Right now I am reading Absence Makes the Heart, a short story collection by Lynne Tillman. It’s really great so far and brings into perspective what I find compelling about Tillman’s work: She crawls inside of fictional people and seems to channel her first person characters. You forget that you are reading the work of an author. The main characters of the books I’ve read so far are experts of some kind, which shapes the kind of self-talk done by the characters.
In Cast In Doubt the protagonist is a seventy-something American expat named Horace living in a small town in Greece. He becomes obsessed with a young American woman, Ruth, who rents a rotting house across from him. He ruminates on his interactions with her, obsessed with his obsession, weaving in and out of memories of his past and observations of his present. He is also writing a book about his ancestors that is just not getting done, whereas ideas for his moneymaking project, a detective series, just keep popping up. I like Horace best when he is being catty about others in clever ways, just like a good elder-gay should.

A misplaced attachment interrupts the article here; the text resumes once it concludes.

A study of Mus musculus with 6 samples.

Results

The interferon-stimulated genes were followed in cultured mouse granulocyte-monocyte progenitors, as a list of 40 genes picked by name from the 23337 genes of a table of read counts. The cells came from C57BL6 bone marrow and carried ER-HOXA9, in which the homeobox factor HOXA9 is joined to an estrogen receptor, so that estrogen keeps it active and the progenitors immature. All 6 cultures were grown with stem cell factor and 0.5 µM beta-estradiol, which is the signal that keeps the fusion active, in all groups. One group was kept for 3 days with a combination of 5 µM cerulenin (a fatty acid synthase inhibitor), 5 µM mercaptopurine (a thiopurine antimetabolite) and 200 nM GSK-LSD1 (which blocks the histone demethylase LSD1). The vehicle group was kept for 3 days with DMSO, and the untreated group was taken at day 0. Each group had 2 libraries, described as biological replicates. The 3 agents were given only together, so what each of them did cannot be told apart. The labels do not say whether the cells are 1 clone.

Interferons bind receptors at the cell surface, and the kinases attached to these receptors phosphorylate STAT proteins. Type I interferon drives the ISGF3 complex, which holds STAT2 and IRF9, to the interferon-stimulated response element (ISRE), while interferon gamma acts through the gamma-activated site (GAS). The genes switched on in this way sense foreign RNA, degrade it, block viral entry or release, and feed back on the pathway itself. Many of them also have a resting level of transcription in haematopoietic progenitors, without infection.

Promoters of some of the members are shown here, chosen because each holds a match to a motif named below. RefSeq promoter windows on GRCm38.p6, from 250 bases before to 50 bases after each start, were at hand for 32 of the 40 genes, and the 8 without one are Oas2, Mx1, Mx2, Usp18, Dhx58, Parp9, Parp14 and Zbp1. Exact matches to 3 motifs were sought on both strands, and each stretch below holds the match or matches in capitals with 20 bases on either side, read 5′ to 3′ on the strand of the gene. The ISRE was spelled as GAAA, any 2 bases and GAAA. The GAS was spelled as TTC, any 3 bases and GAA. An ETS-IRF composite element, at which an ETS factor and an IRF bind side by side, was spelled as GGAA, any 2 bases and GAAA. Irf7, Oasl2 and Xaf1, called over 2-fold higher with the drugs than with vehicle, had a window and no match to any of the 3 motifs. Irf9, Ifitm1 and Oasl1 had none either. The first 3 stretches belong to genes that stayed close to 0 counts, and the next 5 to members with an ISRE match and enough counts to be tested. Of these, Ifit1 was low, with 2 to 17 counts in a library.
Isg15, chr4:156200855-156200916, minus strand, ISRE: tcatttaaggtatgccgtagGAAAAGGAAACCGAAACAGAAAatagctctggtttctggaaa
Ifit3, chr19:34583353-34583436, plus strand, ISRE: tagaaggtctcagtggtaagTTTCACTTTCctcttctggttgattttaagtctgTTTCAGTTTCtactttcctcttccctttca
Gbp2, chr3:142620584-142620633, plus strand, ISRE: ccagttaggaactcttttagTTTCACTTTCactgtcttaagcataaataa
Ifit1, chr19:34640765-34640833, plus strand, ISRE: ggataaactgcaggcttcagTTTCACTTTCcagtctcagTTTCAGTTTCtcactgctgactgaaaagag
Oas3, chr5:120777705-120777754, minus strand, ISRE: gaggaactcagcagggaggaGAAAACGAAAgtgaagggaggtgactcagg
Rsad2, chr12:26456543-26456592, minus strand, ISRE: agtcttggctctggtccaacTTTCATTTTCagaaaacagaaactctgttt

Horace’s voice is strong and his history is rock solid—when he laments the repressed yet sexually charged forties you do too, even if it is with a little eye roll for the psychic indulgences of a privileged old man. And when the story gets turned about a bit there is shock and questions. Mostly Cast In Doubt made me want to drink gallons of the cold white wine so sensually described by Horace.
I liked the book, but feel a tepidness towards it, most likely because I cared less for Horace than I did for American Genius’s skin-obsessed inmate.
*No picture because I returned this ages ago. No library jail for me!